Madison is routinely ranked one of the best places in the country to live...for humans. But you may have noticed that it's increasingly a pretty good place for hawks as well. The birds of prey population is soaring, thanks to decades of reestablishment, which took these animals from near extinction to commonplace. In fact, they seem to absolutely love urban living.
"We have three of those birds of prey in Madison now. We have bald eagles, peregrine falcons and ospreys all nesting literally within sight of the Capitol," says Stan Temple, professor emeritus of conservation at the University of Wisconsin-Madison. He's also a senior fellow at the Aldo Leopold Foundation. The birds' recovery is remarkable, says Temple, "given that only 40 years ago these species were considered to be on the brink of extinction."
Temple calls these raptors the poster birds for the banning of DDT, once a "miracle" pesticide used for agricultural and household pests that was found to be incredibly toxic. It was used primarily from the mid-1940s to the early 1970s. After application, DDT worked its way up the food chain through a process known as bioaccumulation. By the time a raptor captured a large prey item there was a big dose of DDT along with that meal. The chemical caused the eggs of nesting birds to be so thin that they would break, decimating the populations of eagles, ospreys, peregrines and some other raptors.
In its 30 or so years of use in the United States, 1,350,000,000 pounds of DDT were released into the environment. Wisconsin was the first state to ban the chemical, Temple notes, before it was banned nationally by the Environmental Protection Agency in 1972. The uptick in urban raptors we're seeing today is due to the populations of these animals finally making their comeback, 40 years later.
But toxins weren't the only hurdles birds of prey faced; part of the problem was that some people disliked them. The Cooper's hawk, probably the most commonly observed raptor in Madison, was often shot illegally.
"They had a bad reputation. They were labeled 'chicken hawks,'" says Temple. "This is a bird that most people weren't particularly fond of because they prey on other birds. And at least in the past, when poultry roamed free, small chickens were sometimes targeted."
The peregrine, known as the "duck hawk," was killed for competing with duck hunters. Other raptors, including eagles and osprey, were shot and trapped illegally as well.
Today, if you see a hawk gliding stealthily down State Street or perched atop a utility pole, you're most likely observing a Cooper's hawk. But you'll also find osprey and eagles nesting in Madison. A pair of the super-fast peregrine falcons commonly nest in a box built for that purpose atop the MGE power plant on Blount Street. MGE put the box there in 1999. "After 10 years of vacancy, falcons first began using the box in 2009," reads the MGE web page devoted to the project. "From 2009-2011, a nesting pair of falcons...successfully hatched 11 chicks." The page also includes a webcam and archived images of the birds from previous nesting seasons.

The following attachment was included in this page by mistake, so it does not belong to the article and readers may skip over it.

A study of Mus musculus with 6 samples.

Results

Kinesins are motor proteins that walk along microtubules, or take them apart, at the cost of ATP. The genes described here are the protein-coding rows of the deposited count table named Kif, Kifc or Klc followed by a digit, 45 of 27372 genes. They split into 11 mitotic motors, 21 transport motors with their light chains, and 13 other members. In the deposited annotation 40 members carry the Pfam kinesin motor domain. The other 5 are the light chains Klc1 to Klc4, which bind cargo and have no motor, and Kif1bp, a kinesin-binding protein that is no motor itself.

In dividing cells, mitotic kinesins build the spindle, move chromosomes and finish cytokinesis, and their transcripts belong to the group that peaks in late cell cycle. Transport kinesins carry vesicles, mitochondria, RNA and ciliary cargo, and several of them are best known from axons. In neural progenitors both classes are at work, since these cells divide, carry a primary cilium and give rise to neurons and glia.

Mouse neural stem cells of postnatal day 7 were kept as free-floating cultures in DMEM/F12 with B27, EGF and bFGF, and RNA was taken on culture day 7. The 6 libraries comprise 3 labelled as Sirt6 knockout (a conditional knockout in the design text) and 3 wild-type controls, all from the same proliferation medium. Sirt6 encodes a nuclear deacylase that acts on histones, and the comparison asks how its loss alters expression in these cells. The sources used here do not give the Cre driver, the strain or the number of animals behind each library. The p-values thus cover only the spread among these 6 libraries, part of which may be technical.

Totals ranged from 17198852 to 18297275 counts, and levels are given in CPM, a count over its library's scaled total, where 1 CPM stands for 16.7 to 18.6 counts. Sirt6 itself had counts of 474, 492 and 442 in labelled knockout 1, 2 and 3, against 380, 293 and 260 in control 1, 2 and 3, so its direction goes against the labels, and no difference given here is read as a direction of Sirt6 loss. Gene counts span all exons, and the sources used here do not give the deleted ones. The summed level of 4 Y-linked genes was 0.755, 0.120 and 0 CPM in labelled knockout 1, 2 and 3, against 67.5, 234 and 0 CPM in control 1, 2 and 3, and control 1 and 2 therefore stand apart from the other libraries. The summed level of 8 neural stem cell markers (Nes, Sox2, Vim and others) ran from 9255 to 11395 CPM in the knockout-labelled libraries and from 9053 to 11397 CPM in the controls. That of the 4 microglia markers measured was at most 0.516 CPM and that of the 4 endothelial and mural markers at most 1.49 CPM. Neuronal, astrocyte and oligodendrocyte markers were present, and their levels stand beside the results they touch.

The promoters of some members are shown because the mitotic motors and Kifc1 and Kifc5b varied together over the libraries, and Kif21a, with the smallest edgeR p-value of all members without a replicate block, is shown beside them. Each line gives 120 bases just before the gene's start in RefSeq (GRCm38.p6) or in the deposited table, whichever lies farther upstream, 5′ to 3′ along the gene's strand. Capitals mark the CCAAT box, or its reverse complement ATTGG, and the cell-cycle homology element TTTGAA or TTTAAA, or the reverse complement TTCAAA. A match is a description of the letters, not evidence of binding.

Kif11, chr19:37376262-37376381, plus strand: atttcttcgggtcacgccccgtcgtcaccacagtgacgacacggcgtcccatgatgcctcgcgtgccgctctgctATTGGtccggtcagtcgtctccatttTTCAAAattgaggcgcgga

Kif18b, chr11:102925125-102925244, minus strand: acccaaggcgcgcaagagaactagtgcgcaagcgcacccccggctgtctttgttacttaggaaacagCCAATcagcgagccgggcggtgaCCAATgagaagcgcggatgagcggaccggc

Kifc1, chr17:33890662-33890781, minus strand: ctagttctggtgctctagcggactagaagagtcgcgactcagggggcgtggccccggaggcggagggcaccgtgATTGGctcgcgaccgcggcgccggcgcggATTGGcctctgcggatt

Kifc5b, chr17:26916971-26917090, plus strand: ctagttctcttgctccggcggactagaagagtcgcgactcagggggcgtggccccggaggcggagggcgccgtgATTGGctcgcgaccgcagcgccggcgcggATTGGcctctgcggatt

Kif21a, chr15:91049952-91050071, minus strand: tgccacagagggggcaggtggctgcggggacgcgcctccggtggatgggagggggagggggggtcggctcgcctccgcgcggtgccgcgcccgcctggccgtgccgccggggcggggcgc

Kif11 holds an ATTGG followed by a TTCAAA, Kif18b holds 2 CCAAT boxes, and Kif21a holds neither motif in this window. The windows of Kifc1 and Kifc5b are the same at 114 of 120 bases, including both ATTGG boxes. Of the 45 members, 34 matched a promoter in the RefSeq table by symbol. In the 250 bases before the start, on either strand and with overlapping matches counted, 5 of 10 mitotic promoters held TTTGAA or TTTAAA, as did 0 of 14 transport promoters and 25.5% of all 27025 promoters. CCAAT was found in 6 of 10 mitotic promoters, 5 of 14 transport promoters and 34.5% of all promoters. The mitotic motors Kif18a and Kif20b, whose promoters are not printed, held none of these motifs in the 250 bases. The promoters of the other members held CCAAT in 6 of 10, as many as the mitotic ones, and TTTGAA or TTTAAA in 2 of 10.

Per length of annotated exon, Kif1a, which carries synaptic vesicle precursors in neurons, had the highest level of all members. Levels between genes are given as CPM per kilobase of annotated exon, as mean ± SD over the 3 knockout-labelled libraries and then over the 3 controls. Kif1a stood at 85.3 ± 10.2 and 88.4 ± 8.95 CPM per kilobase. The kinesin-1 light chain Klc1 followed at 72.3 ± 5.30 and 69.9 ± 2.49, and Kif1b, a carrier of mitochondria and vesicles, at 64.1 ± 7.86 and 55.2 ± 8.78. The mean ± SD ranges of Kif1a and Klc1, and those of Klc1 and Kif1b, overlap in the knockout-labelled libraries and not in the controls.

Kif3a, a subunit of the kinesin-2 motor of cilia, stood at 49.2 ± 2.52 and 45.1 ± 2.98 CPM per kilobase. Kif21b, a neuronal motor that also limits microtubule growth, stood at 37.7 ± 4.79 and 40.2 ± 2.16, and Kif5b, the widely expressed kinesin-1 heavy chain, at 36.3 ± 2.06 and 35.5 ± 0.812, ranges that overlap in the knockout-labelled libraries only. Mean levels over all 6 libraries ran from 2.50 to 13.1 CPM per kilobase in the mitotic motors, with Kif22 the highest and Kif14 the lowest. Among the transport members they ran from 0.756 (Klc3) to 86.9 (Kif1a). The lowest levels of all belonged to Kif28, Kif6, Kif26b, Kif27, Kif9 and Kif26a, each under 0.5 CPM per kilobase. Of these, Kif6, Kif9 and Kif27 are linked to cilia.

Temple notes that other birds of prey found in Madison whose numbers have increased due to "decreased persecution" include the American kestrel, the great horned owl, the eastern screech owl and less common species such as the broad-winged hawk. Red-tailed hawks regularly nest in Madison and even nested on Weeks Hall on the University of Wisconsin campus last year.
Still, the most common raptor in Madison is the Cooper's, mainly because urban living suits it very well. It's even possible, Temple says, that the Cooper's hawks we see in Madison have been selected over the years to be urbanites that thrive in the city.
"Now that Cooper's hawks have recovered, they're finding that urban areas are absolutely ideal for them. Especially a town like Madison, where lots of people have bird feeders that attract birds and concentrate them in one spot, where the birds of prey can essentially target their meals," Temple says.
Furthermore, the habitat in cities like Madison that have abundant and fairly mature wooded areas provide "great opportunities for nesting." That explains nesting Cooper's hawks near the Capitol and on Bascom Hill.
Temple assures residents with birdfeeders not to worry if they lose a songbird now and then to a hawk. The songbird/raptor relationship is completely normal and not harming songbird populations.
Karen Etter Hale of the Madison Audubon Society even suggests that these interactions are a great opportunity to see these incredible birds of prey up close.
"A lot of people understand the dynamic and understand that Cooper's hawks have to eat, too," Hale notes. "I guess it shows that the system is working, that they're in a good habitat."
Hale gives some tips on the differences among the common Madisonian raptors. Peregrine falcons swoop down very quickly from the air with cruising speeds averaging near 70 mph. They hunt only other birds out of the air, almost never off the ground. Osprey are the piscivores of the raptors, with a diet consisting almost exclusively of fish. Red-tailed hawks tend to circle and circle before dive-bombing small prey off the ground. Cooper's hawks have shorter, rounded wings and long tails, and they're built for high speed in tight quarters and for flying flat out, like a glider.
"They're a really cool bird to see up close," Hale says. "And they are so fast!"
Stan Temple takes another lesson away from the city raptors. "I think everyone during the initial phases of the environmental movement recognized that birds of prey were the canaries in the mineshaft, indicators of a lot of the problems that we were creating in the environment. Now they're indicators that we've done something right."